How Does the SAT® Compare to the PSAT/NMSQT®?

The SAT and the PSAT have a number of similarities, however, there are important differences between these two tests that test-takers should be aware.

The SAT vs. the PSAT: General Differences

The SAT is a compilation of 154 questions covering topics related to reading, writing, language, and math. Your final SAT score will have a large bearing on which college or university you can get into once you graduate from high school. Educational institutions throughout the United States use SAT scores as a determining factor when deciding which applications to accept.

The 139 questions and tasks on the PSAT 10 and PSAT/NMSQT exams are intended to provide students with a preview of what to expect from the SAT exam. The PSAT 10 and PSAT/NMSQT tests are typically taken a year before students take the SAT exam. These tests help test-takers identify weak areas that need to be worked on before taking the SAT.

For this reason, PSAT scores have no bearing on your college or university application; however, a good PSAT/NMSQT score can enable you to earn recognition and scholarships from the National Merit Scholarship Program.

There is also a PSAT 8/9 test created specifically for students in eighth and ninth grade. The PSAT 8/9 is the first offering from the College Board in their suite of assessments. This test is a beneficial launching pad for your long-term college readiness testing plan.

How is the PSAT Graded Compared to the SAT

The SAT and PSAT exams are graded differently. Your SAT score may range from 400 to 1600 while PSAT scores range from 320 to 1520. Furthermore, the PSAT exams are fifteen minutes shorter than the SAT exams.

Additionally, the SAT is not administered in the same way as the PSAT. PSAT tests are administered by schools; this means that the school determines the date on which the test is given, and students at the school simply show up and take the test. Students cannot retake the PSAT later on if they aren’t happy with the score.

The SAT, on the other hand, is administered at testing centers on pre-determined testing dates. The SAT can be taken by anyone, including homeschool students who want proof of their educational qualifications. Furthermore, a student who is unhappy with his or her SAT score can retake the SAT after a few months and then superscore the SAT to create the highest possible score in order to increase the odds of getting into a particular college or university.

Is the PSAT Really All That Important?

The College Board notes that the PSAT is a low-stakes test that will not impact your college and university applications. However, that doesn’t mean that you should ignore it. If you have a chance to take a PSAT exam, go for it because it can help you in more ways than one.

One of the most important benefits of taking a PSAT exam is to identify any weak areas that need work throughout your high school years. If you are used to taking exams similar to the SAT, chances are you can earn a good SAT score the first time around, sparing you the time, hassle and expense of having to repeatedly take the SAT in order to earn the score you want.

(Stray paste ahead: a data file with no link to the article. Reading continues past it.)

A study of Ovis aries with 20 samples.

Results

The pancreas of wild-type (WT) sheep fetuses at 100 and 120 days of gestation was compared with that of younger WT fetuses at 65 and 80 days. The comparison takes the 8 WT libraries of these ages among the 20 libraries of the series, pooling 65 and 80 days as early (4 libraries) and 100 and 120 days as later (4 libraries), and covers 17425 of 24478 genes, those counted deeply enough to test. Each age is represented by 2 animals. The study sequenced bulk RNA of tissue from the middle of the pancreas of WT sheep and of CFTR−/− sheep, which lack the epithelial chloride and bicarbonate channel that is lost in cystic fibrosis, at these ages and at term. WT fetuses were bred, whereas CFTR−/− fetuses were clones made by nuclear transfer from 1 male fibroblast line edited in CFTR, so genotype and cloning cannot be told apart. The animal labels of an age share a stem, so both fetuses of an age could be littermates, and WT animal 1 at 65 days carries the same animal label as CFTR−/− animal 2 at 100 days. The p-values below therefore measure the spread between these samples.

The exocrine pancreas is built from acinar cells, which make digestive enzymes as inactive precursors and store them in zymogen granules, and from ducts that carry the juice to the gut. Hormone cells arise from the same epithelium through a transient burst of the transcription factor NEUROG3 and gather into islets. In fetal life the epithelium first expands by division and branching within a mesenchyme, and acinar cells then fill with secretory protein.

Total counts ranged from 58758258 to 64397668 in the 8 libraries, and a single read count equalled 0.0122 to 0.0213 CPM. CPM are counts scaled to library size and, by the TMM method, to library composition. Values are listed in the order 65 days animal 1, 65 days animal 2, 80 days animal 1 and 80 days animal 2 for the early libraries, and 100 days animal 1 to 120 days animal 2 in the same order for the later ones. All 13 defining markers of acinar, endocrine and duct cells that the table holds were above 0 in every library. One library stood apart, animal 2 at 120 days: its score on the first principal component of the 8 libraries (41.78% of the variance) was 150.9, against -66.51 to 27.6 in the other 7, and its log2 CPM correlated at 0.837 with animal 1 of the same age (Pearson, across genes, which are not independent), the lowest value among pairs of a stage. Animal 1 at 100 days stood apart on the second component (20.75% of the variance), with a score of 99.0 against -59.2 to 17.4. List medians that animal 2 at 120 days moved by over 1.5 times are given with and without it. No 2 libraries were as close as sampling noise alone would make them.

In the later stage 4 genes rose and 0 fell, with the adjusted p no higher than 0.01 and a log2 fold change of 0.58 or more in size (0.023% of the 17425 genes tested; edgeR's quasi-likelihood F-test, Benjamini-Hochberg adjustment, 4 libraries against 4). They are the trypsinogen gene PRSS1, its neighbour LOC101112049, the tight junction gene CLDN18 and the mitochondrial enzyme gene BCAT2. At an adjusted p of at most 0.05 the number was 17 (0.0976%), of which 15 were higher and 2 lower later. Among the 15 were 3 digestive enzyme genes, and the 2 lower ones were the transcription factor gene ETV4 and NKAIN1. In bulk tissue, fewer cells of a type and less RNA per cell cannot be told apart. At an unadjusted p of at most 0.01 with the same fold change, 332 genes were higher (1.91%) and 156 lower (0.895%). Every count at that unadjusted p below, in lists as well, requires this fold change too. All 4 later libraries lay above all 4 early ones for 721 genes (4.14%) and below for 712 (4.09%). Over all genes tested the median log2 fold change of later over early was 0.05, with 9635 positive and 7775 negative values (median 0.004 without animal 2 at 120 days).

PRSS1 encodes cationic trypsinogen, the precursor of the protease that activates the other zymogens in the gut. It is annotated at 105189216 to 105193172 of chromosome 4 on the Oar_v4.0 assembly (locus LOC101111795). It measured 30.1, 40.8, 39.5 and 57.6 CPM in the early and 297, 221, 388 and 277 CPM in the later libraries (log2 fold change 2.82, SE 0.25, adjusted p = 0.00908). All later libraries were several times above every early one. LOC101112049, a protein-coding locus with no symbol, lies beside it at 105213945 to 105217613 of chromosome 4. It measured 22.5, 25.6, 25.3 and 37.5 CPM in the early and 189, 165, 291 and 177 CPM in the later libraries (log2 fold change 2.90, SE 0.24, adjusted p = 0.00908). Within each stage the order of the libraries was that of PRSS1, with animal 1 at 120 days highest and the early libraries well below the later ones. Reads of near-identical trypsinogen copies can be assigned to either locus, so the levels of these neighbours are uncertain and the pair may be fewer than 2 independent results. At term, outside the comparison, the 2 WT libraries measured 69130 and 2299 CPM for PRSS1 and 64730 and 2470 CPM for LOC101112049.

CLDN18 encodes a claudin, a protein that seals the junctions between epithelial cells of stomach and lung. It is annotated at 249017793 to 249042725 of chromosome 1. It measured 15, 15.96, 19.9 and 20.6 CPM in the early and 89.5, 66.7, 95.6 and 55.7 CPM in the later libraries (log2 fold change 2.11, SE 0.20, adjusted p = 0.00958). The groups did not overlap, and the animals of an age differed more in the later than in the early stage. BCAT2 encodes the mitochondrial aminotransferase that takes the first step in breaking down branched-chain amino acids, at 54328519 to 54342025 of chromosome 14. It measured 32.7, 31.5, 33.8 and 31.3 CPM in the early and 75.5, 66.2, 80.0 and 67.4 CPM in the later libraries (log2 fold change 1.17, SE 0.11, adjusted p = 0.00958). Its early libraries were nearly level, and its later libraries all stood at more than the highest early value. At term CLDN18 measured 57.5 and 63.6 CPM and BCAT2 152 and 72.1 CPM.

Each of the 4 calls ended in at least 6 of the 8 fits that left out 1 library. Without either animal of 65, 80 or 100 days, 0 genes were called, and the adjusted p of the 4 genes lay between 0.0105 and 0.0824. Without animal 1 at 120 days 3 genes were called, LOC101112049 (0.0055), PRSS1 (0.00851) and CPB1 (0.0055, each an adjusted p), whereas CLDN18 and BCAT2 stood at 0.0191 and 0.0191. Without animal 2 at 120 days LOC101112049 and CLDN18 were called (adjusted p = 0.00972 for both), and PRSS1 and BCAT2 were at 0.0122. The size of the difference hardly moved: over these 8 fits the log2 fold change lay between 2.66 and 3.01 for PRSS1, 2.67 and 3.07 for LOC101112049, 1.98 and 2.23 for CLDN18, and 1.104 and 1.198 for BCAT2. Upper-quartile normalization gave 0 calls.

Additionally, the PSAT helps you become accustomed to taking timed tests in a similar format to the SAT. If you take one or more PSAT exams throughout your teen years, you won’t feel out of place when it comes time to take the SAT exam. Training your mind in this way is important as it will benefit you even if you opt to take the ACT instead of the SAT later on.

Lastly, the PSAT exam administered in tenth and eleventh grades can help you qualify for scholarship funding.

Getting Ready for the Big Day

Are you nervous about taking the PSAT or the SAT? If so, focus your energies on preparing for your exam rather than worrying about it. Taking practice exams may be tedious, but it is one of the best ways to identify your weak areas and accustom yourself to taking timed tests.

Once you know which areas you need to focus on reviewing, set aside study time each day to work on these areas. Choose a spot where you can study undisturbed, turn off your phone, and then get to work. You can study alone or work with a partner who is also preparing for the same test as you are. Working with another person can motivate you to meet your study goals and make study enjoyable at the same time.

The PSAT exams and the SAT exam are both important. Even so, don’t confuse the two of them. Knowing what to expect from each test you take can enable you to prepare accordingly and approach test day without undue stress.

UWorld can help you prepare for your SAT with challenging study questions, detailed explanations, and real-time performance tracking. Click here and discover the important SAT study plans available to you today.